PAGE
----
In a previous blog post, What you need to know about Lean Six Sigma, we claimed that EVERYONE in an organization benefits from implementing Lean principles. Not only do Lean principles reduce waste on the plant floor, they also improve customer service, accounting processes, marketing and more. Below are seven Lean principles that benefit professionals in every industry.
1. Increase value for the customer
All departments are responsible for creating value for customers. Engineers can design quality into a product; accounting can ensure that paying for the product is uncomplicated; and marketing can make sure the benefits being promised to the customer are accurate.
2. Reduce waste
Simply converting to a paperless organization reduces a tremendous amount of waste. Changing to energy-efficient bulbs, putting lights on motion sensors, and unplugging unnecessary equipment are other ways to reduce waste.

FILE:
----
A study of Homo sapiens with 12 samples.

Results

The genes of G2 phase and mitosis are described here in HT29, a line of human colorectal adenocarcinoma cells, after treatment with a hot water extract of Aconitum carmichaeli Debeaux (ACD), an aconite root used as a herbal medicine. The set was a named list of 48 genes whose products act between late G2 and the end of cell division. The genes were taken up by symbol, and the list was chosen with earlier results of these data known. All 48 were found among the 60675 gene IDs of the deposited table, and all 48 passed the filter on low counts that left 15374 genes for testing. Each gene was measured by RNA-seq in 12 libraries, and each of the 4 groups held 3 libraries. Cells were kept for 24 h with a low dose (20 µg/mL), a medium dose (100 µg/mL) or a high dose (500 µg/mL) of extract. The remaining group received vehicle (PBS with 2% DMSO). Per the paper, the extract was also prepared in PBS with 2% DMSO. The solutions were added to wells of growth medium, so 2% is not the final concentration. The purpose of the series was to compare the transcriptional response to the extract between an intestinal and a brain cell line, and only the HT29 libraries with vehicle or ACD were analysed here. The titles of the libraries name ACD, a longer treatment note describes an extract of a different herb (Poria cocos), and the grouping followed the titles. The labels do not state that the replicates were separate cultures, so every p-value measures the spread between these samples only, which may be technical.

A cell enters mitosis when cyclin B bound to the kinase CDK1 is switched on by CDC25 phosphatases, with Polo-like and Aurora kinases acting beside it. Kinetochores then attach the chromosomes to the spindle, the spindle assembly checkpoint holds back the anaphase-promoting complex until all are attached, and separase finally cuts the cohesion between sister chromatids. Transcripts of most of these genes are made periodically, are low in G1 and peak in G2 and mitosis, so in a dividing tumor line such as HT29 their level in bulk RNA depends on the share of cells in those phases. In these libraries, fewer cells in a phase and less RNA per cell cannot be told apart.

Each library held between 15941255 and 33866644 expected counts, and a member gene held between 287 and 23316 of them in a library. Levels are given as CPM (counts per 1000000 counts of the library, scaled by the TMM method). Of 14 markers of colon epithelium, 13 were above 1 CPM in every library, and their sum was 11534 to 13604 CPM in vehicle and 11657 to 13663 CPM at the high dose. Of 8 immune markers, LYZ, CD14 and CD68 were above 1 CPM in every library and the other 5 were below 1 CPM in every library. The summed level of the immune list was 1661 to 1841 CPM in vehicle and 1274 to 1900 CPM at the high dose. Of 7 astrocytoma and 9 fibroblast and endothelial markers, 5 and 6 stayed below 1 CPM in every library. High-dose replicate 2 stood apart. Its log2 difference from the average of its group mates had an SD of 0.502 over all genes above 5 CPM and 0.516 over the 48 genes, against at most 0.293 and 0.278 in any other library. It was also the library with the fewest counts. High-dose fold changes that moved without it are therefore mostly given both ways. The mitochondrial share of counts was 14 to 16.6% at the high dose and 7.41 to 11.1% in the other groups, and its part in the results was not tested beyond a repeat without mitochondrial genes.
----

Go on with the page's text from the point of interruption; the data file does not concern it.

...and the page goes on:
3. Go to the work area
Every employee at a company should be aware of what the company produces, and how it produces it. Take employees on a facilities tour. Lean manufacturing focuses on uncovering what’s working and what’s not. Without seeing a process from start to finish, employees may not be able to provide educated solutions to problems.
4. Give employees a voice
Companies that value employee feedback demonstrate greater morale and are often more successful. If a company is truly committed to Lean ideas, employee feedback is critical. Maybe it's a shipping process, or maybe it’s the long lines at the employee cafeteria – either way, there should be an outlet for employees to discuss possible improvements to daily challenges.
5. Map the value stream
Diagramming activities for each unit in an organization is helpful to visually analyzing effectiveness. How many steps does it take to process a vendor invoice? Are there multiple copies, (both paper and digital), being saved? Are employees required to attend training they don't need, (or are they missing out on training they need)? Value stream maps allow you to see redundancies and missing components.
6. Create flow
Making sure things flow logically from one department to another, instead of causing hold ups or repetitive passes, increases the efficiency of an organization. It doesn’t have to be the flow of physical materials, it can be the flow of how ideas are translated from person to person, and department to department.
7. Aim for continuous improvement
Don’t be content with average. Always aim to improve as an employee, a department and as a company.